Listen And Hear Your Partner- How to do it?

Guide Relationship

Do you feel the communication between you and your partner isn’t that good? Are your conversations often ending up in misunderstandings? It is very common that couples feel this way. There are many things we can say about communication, but one simple thing you can analyze first is your listening skills. Do you actually listen?

There was a study about effective listening with over 8000 working adults participating. All of them believed that they communicated as effectively or more effectively than their fellow colleagues. However, the study shows that the average person listen with a very low level of efficiency – only about 25%.


To hear is the ability to pick up sounds to your ear. To listen goes further – it means you give attention to that sound. As such, it requires focus and concentration. To listen means you pay attention to what someone says. You also give attention to things such as body language and tone of voice. Hence, you pick up both verbal and non-verbal messages, and this is important if you are going to be an effective listener.

The importance of effective listening in a relationship

There are few things in a relationship that is so annoying as a partner who doesn’t listen when you speak. Therefore, communication is so crucial – it is the “method” we use to relate to others. It is how we understand our partner and others and how others understand us.

For any relationship to be harmonious and resilient, there must be effective communication, and one big part of effective communication is to possess good listening skills. Without good listening skills, you can never be a good communicator.

Here are 7 traits a good listener must have:

  • A good listener seeks to understand.

Stephen R. Covey once said the insightful words: “Most people do not listen with the intent to understand; they listen with the intent to respond.” This is possibly very true. Not all situations are black and white. How your partner views a particular situation or sees things would often differ from the way you see it. It is crucial to take time to understand what your partner really means without being quick to reply. If we don’t, we won’t be good listeners and effective communicators.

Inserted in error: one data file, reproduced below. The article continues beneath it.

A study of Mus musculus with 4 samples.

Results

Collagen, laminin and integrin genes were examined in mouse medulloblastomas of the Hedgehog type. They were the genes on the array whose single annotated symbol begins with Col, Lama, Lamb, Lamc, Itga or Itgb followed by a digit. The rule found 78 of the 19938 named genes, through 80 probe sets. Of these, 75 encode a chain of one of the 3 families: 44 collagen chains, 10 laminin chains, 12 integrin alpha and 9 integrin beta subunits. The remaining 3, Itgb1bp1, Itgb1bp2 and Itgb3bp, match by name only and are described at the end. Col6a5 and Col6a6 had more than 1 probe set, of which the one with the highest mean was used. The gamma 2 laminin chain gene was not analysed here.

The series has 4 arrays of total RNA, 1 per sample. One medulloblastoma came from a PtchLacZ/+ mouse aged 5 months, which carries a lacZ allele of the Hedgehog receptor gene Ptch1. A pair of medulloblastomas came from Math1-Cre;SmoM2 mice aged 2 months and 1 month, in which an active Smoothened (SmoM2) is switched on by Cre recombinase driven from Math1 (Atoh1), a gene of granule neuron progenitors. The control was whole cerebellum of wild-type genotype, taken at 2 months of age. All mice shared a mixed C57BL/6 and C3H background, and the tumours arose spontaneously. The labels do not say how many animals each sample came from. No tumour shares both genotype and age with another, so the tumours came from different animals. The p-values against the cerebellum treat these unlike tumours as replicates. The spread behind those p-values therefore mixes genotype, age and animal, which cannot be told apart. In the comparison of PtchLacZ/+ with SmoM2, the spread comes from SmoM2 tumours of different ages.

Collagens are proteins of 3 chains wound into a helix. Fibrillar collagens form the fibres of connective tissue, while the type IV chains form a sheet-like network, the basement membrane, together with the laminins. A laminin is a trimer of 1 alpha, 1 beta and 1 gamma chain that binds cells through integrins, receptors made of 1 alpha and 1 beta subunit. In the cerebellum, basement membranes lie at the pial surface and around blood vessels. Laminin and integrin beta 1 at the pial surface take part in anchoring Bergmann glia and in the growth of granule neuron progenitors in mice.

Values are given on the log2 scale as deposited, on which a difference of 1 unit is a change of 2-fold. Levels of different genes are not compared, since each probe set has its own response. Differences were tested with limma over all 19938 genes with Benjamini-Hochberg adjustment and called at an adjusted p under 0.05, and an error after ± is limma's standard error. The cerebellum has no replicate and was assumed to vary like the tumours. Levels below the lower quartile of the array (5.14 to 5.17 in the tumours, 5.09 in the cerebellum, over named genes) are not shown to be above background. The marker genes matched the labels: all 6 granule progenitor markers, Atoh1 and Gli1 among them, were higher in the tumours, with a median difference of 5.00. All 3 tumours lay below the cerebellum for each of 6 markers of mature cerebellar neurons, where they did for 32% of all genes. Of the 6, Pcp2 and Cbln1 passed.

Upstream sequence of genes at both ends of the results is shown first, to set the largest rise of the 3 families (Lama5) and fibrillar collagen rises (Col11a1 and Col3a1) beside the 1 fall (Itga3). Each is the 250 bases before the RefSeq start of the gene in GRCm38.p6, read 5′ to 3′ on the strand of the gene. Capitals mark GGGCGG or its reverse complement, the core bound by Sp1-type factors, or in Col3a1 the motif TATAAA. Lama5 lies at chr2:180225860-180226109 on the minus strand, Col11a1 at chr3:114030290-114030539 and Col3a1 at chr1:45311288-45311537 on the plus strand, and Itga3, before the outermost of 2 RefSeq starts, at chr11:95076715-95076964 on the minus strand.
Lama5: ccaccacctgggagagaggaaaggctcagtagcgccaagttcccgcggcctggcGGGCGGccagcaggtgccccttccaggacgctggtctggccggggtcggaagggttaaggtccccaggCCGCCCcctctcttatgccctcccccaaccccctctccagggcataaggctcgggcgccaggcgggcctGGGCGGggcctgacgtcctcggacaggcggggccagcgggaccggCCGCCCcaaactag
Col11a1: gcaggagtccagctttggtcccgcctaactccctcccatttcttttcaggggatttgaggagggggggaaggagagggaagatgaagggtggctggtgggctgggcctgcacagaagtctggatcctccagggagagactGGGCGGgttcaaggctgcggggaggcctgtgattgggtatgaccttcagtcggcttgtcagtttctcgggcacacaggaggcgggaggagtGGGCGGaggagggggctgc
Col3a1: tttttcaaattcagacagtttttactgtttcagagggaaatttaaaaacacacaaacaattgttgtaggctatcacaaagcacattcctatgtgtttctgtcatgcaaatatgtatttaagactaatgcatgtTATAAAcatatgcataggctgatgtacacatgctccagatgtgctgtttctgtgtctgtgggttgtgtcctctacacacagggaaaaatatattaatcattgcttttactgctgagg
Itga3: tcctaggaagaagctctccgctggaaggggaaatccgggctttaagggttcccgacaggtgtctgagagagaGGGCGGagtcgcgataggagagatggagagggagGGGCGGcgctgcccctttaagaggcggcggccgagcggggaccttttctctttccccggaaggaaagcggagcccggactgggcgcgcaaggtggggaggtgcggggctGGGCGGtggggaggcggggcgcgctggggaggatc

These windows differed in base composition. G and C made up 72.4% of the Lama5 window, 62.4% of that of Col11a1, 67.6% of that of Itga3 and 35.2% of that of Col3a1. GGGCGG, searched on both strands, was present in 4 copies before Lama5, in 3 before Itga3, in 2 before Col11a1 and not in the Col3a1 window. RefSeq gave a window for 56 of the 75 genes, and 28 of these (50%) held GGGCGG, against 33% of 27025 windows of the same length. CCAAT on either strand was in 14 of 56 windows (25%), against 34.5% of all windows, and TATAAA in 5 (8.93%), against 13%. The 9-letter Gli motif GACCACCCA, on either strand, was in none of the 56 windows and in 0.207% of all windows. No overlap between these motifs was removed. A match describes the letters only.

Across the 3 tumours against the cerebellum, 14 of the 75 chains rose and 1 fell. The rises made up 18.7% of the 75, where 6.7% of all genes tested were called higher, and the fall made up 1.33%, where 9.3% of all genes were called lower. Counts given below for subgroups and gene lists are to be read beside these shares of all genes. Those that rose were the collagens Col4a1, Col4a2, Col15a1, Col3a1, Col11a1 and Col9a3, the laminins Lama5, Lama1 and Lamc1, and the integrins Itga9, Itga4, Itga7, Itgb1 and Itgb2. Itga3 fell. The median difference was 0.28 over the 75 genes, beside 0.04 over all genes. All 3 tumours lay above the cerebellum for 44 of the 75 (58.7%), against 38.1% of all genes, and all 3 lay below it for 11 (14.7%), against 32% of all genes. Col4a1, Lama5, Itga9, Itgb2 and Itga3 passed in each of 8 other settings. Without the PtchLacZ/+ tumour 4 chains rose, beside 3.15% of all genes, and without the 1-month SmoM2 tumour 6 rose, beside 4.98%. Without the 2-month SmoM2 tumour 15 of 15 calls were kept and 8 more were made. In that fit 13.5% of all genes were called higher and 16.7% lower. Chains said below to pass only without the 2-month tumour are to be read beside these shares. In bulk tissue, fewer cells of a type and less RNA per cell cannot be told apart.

• A good listener let others speak to point.

Interruptions happens easily, but we recommend that you avoid them in any communication setting. Let your partner speak to point. Even though you don’t agree of whet is being said, listen until he/she finishes his/her sentence. It’s interesting to notice that the word “listen” contains the same letters at the word “silent…”

  • A good listener doesn’t give deflecting answers.

To deflect is to sidetrack the discussion to another subject. As a result, if we deflect from the topic that your partner is sharing, we show that we are not listening, and that we are disinterested in what is being said. Deflecting communicates that we are preoccupied with our own thoughts and things. Deflecting can happen when we share our personal experiences regarding the same topic. The focus then deviates from the other person to us.

  • A good listener shows genuine concern.

As your partner shares things from his/her heart, a good listener shows genuine concern. Perhaps your partner share personal things that is not easy to share. It could be a personal failure or a bad report. Here you have an important task and that is to show interest and demonstrate sincere concern. A gentle touch on the hand, nodding and responses such as “I see” and “mmmm…” can be helpful to use. Use eye contact. Don’t be distracted by things around you.

A good listener uses paraphrasing.

With some creativity, you can learn to paraphrase what you just heard. A paraphrasing sentence could start with: “Am I right to say that…” or “It sounds to me like you really feel…” It helps you to understand and clarify what your partner is saying and it communicates to your partner that you are truly listening.

A good listener pauses and then asks open-ended questions.

Don’t be too quick to ask questions. A few seconds of wait is usually helpful. Open-ended questions encourage the person to share more. Some examples could be “How did you feel when that happened?”, “What do think would be the best option to do now?”

Try to avoid “why-questions” that often makes people defensive.

A good listener doesn’t get tired of listening.

It is easy to stop listening after you come from work. You may be tired after listening to people the whole day. Or you are upset with the person you are talking to. Hence, yow you want to “turn off.” But this may be ruinous to your relationship. An effective listener continues to listen without showing that he/she is tired. If you are discussing matters that aren’t so urgent for your partner, you may want to ask if you can continue to discuss the next day if you are tired. If not, try to put your partner’s needs of sharing before your own needs.

In conclusion, as a couple, learning to communicate better is always advantageous for your relationship. As an anonymous person profoundly expressed it: “Speak in such a way that others love to listen to you. Listen in such a way that others love to speak to you.”